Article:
About Me

I am a lawyer in Melfort, Saskatchewan, Canada who enjoys reading, especially mysteries. Since 2000 I have been writing personal book reviews. This blog includes my reviews, information on and interviews with authors and descriptions of mystery bookstores I have visited. I strive to review all Saskatchewan mysteries. Other Canadian mysteries are listed under the Rest of Canada. As a lawyer I am always interested in legal mysteries. I have a separate page for legal mysteries. Occasionally my reviews of legal mysteries comment on the legal reality of the mystery. You can follow the progression of my favourite authors with up to 15 reviews. Each year I select my favourites in "Bill's Best of ----". As well as current reviews I am posting reviews from 2000 to 2011. Below my most recent couple of posts are the posts of Saskatchewan mysteries I have reviewed alphabetically by author. If you only want a sentence or two description of the book and my recommendation when deciding whether to read the book look at the bold portion of the review. If you would like to email me the link to my email is on the profile page.

Sunday, November 8, 2015

The Girl Who Kicked the Hornet’s Nest by Stieg Larsson

When I was done reading The Girl Who Played with Fire I desperately wanted to read the third in the series, The Girl Who Kicked the Hornet’s Nest, but it was the fall of 2009 and the book had not yet been published in North America. During the winter the Sleuth of Baker Street bookstore in Toronto obtained some copies of the book from England where it had been published. I thought about buying the English edition but it was $60.00 and I had never paid that much for a work of fiction. I waited until it was published in North America and was glad I waited.


29. - 542.) The Girl Who Kicked the Hornet’s Nest by Stieg Larsson – The third volume of the triology is well crafted but lacks the unpredictability and passion of the opening two novels. It  did not exert the same hold upon me. As the books carried on the plot initiated in the first it would have worked better had I been able to keep reading from the second to the third. Lisabeth plays a surprisingly subordinate role spending most of her time in hospital recovering from her grievous wounds. The thriller revolves around Mikael’s efforts to gain support for Lisbeth and identify the members of the secret service conspiracy who are seeking to have her returned to a mental institution for life. The return from retirement of the conspirators who originally had her confined as a teenager was chilling. However, the forces mustered by Mikael were clearly superior and the ending was never in doubt. Larsson, not Greaney, is the true successor to Robert Ludlum. Mikael’s relationships with women remain unconventional. It was disappointing in comparison with the first two books but remains a wonderful story. I have heard a 4th novel had over 300 pages written before Larsson’s death. Considering the worldwide success with all three currently on New York Times bestseller lists - the second has been on the trade paperback fiction list for 55 weeks – I expect it will be finished and I will instantly buy it. (July 12/10)


  1. You're not the only one, Bill, who thought that this wasn't quite as good as the first two. Still, I'm very glad you enjoyed as much as you did. This trilogy has certainly had a real impact on the crime fiction reading world.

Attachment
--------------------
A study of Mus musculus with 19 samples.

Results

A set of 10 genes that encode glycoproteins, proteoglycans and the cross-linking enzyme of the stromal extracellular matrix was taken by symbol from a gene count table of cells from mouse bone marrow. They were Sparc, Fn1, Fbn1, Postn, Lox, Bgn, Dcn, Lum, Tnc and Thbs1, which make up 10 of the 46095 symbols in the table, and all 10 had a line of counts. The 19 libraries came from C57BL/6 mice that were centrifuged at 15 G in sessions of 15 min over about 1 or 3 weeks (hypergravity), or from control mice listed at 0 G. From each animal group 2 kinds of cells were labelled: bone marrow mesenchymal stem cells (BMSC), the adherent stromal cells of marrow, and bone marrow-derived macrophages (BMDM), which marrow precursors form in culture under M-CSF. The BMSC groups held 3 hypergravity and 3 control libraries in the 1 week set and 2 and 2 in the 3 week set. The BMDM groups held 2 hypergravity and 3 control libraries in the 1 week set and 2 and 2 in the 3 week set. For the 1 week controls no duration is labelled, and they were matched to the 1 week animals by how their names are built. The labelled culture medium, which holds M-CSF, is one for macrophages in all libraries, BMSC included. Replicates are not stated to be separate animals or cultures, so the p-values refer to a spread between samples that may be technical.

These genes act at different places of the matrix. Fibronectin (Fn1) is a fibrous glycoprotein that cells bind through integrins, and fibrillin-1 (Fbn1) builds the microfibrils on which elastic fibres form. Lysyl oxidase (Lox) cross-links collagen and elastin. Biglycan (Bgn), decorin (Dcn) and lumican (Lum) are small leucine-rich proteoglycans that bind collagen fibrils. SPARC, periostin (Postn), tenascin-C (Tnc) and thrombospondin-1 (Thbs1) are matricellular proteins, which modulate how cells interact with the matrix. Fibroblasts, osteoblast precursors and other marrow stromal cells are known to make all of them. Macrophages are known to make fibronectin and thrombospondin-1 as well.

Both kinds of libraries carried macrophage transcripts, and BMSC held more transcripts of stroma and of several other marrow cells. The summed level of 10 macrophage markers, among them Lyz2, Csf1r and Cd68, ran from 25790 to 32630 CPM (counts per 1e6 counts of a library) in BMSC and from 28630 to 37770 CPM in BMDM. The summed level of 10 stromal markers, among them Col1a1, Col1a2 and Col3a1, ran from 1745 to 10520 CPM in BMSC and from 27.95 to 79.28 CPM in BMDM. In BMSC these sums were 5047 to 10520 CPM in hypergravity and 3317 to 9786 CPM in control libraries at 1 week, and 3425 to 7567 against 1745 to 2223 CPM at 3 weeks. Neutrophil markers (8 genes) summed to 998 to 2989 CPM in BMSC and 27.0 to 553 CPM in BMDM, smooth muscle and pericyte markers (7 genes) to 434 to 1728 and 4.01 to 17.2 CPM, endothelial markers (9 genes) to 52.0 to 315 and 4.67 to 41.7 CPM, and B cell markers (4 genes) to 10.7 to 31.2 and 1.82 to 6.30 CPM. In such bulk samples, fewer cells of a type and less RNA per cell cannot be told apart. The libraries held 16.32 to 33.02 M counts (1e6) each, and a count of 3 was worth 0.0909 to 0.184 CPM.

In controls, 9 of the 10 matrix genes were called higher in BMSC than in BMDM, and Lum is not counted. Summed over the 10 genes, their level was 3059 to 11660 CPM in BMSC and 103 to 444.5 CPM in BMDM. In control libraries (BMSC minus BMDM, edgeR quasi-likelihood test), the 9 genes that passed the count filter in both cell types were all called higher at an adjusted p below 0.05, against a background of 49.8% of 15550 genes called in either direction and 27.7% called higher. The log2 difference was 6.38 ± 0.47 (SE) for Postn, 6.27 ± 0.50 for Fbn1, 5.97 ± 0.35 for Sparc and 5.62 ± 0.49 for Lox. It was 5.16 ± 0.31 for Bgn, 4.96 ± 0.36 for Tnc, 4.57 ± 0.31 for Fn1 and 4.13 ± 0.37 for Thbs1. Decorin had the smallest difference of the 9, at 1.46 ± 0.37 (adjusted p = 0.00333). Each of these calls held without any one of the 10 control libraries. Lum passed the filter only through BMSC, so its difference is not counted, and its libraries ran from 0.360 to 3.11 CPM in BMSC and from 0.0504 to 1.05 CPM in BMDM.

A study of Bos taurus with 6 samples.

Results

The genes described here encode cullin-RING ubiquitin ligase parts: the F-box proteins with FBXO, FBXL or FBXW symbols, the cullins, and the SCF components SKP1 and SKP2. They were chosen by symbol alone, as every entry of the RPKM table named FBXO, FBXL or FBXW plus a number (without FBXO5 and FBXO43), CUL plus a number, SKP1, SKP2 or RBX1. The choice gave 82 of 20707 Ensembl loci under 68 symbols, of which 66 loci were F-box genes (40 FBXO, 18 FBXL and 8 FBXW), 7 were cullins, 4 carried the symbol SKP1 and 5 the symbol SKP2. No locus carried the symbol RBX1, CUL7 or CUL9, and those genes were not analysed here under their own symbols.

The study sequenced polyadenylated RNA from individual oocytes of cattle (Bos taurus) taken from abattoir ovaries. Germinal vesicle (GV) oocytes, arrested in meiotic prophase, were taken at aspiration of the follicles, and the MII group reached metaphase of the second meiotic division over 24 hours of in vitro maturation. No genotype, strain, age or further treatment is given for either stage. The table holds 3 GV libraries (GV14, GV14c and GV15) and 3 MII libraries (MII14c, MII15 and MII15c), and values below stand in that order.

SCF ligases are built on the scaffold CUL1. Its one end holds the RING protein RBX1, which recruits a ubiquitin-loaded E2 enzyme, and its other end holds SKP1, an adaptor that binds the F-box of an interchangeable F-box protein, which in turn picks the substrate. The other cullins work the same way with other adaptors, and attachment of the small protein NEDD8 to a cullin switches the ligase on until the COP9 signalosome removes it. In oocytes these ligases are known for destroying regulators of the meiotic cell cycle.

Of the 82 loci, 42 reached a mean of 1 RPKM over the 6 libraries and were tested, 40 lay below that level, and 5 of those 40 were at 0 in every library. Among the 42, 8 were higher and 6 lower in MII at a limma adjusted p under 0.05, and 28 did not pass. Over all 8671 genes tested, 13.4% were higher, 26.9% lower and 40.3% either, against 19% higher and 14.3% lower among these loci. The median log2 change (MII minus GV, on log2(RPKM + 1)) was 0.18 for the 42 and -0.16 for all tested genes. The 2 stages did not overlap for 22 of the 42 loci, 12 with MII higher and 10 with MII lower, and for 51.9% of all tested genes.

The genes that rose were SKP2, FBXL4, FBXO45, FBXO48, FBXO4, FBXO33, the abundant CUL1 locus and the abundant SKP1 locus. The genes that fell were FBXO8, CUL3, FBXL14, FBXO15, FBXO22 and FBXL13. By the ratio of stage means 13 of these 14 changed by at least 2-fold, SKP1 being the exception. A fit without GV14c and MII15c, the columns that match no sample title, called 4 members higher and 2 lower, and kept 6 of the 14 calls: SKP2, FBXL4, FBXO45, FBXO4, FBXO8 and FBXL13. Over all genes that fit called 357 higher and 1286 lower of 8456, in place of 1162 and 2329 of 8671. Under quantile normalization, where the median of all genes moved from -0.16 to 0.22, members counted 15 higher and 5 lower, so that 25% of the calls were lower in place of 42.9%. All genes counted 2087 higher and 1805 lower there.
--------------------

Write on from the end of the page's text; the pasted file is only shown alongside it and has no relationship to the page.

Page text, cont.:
1. Margot: Thanks for the comment. I was surprised by the dropoff in the third book. Soon a review on the latest Salander and Blomkvist book.

  2. I agree, this book was the least effective. Yet one does want to know what happens to various characters, so worth finishing the trilogy.

  3. TracyK: Thanks for the comment. I am glad I read the book but did not understand why it was not as good a story.

  4. I did enjoy the book and the movie, especially. Lizbeth Salander finally gets justice, and she is very ably assisted by Blomqvist's sister, a skilled attorney.

    One aspect of this volume that I appreciated was that there were seven women characters who were helpful in the investigation or pursuit of justice. I remember counting them as I read the book. That was an unusual characteristic, especially for a male author.

    I also enjoyed Noomi Rapace's hairdos and outfits for the courtroom! Quite dramatic.

  5. Kathy D.: Thanks for the comment. Your note on seven significant women characters was interesting. I had not noted the number of major roles given women in the book.

  6. Women readers often notice these things about women protagonists and other characters. When I began reading mysteries at about 11, Nancy Drew was the detective for young girls to read about in the States. Then when a teenager I read about Sherlock Holmes, Nero Wolfe and Perry Mason. And of Christie's books, I read the Poirots. Aside from Harriet Vane, there were barely any women investigators, and so for years, I read about male detectives.
    When Sara Paretsky, Sue Grafton and Marcia Muller began writing about women detectives here, it opened up new horizons for women characters.
    I often look for women protagonists, and now not only are there many women mystery writers, but some male writers write about women, for better or for worse.

  7. Kathy D.: Thanks for the additional thoughtful comment. I think P.D. James also had a significant role in the development of more female mystery authors.